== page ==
Kenya Agricultural & Livestock Research Organization (KALRO)

http://www.kalro.org/

Publications

New CIMMYT research sheds light on farmer maize preferences in Ethiopia and western Kenya.

Features

Climate-resilient soil fertility management by smallholders in Africa, Asia, and Latin America.

In the media

Source: Agro News (9 Nov 2022)

Scientists are working to contain the spread of fall armyworm in Kenya with naturally resistant varieties and eco-friendly solutions.

In the media

Source: New Nigerian Newspaper (20 Oct 2022)

Food crops and animal feeds produced through biotechnology innovations can now be imported into Kenya after the ban on genetically modified organisms (GMOs) was lifted.

News

Achievements and next steps discussed at the review meeting in Nairobi, Kenya.

News

The Initiative targets a broad range of pests and diseases affecting cereals, legumes, potato, sweet potato, cassava, banana and other vegetables.

Features

The manual builds on the lessons of a decade of work on MLN management in sub-Saharan Africa by CIMMYT and its partners.

News

Varietal trait prioritization is important for balancing commercial realities and farmers’ diverse interests.

Videos

CIMMYT and its partners worldwide continue to work on this complex challenge, so millions of smallholder farmers can protect their crops and feed their families.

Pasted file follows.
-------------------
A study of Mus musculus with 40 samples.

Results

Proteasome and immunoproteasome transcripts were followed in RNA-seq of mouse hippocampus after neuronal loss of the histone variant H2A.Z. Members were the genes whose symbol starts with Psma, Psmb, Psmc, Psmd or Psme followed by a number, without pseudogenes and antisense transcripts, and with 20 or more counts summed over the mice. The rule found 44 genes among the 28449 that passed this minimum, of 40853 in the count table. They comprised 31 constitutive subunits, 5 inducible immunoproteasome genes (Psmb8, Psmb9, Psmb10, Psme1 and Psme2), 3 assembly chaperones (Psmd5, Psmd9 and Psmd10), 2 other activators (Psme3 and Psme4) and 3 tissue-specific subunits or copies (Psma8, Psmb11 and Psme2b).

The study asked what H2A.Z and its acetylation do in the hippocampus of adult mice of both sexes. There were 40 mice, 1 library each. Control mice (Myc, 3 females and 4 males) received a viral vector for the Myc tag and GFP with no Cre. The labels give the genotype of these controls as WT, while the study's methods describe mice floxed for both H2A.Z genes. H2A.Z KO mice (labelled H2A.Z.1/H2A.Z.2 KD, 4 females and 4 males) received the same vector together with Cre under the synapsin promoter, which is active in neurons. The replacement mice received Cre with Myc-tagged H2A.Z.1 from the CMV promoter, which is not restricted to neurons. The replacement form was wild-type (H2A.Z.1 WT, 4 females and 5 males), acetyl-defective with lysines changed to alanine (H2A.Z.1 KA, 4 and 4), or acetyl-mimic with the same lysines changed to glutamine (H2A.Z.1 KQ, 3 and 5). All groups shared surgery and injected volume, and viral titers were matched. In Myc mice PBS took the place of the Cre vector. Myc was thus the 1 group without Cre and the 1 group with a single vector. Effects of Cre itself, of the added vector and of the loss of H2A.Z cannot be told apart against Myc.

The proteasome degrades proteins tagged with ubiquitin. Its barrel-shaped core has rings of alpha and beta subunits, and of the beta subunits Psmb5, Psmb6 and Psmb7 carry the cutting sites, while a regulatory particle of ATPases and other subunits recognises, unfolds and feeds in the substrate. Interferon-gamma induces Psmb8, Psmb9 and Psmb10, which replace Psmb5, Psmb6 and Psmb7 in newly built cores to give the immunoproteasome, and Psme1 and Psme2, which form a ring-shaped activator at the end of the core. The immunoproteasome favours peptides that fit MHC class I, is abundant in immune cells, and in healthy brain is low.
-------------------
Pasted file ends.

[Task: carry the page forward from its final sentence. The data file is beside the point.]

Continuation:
Features

A mock shop helps researchers understand how Kenyan farmers choose maize seed when their preferred varieties are out of stock.

News

New equipment will speed up and enhance the accuracy of national breeding processes including seed preparation, data collection and inventory management.

Features

A ten-year partnership led by CIMMYT and IITA tackles climate-induced risks in maize production, developing and deploying new climate-adaptive varieties benefiting over 8 million households in sub-Saharan Africa.

News

CIMMYT is offering a new set of improved maize hybrids to partners, to scale up production for farmers in these areas.

Features

New lines of CIMMYT-derived maize show increased resistance to maize lethal necrosis (MLN) disease. Their rapid adoption, along with sustained monitoring and prevention efforts, are crucial to preventing another outbreak, argues a new report.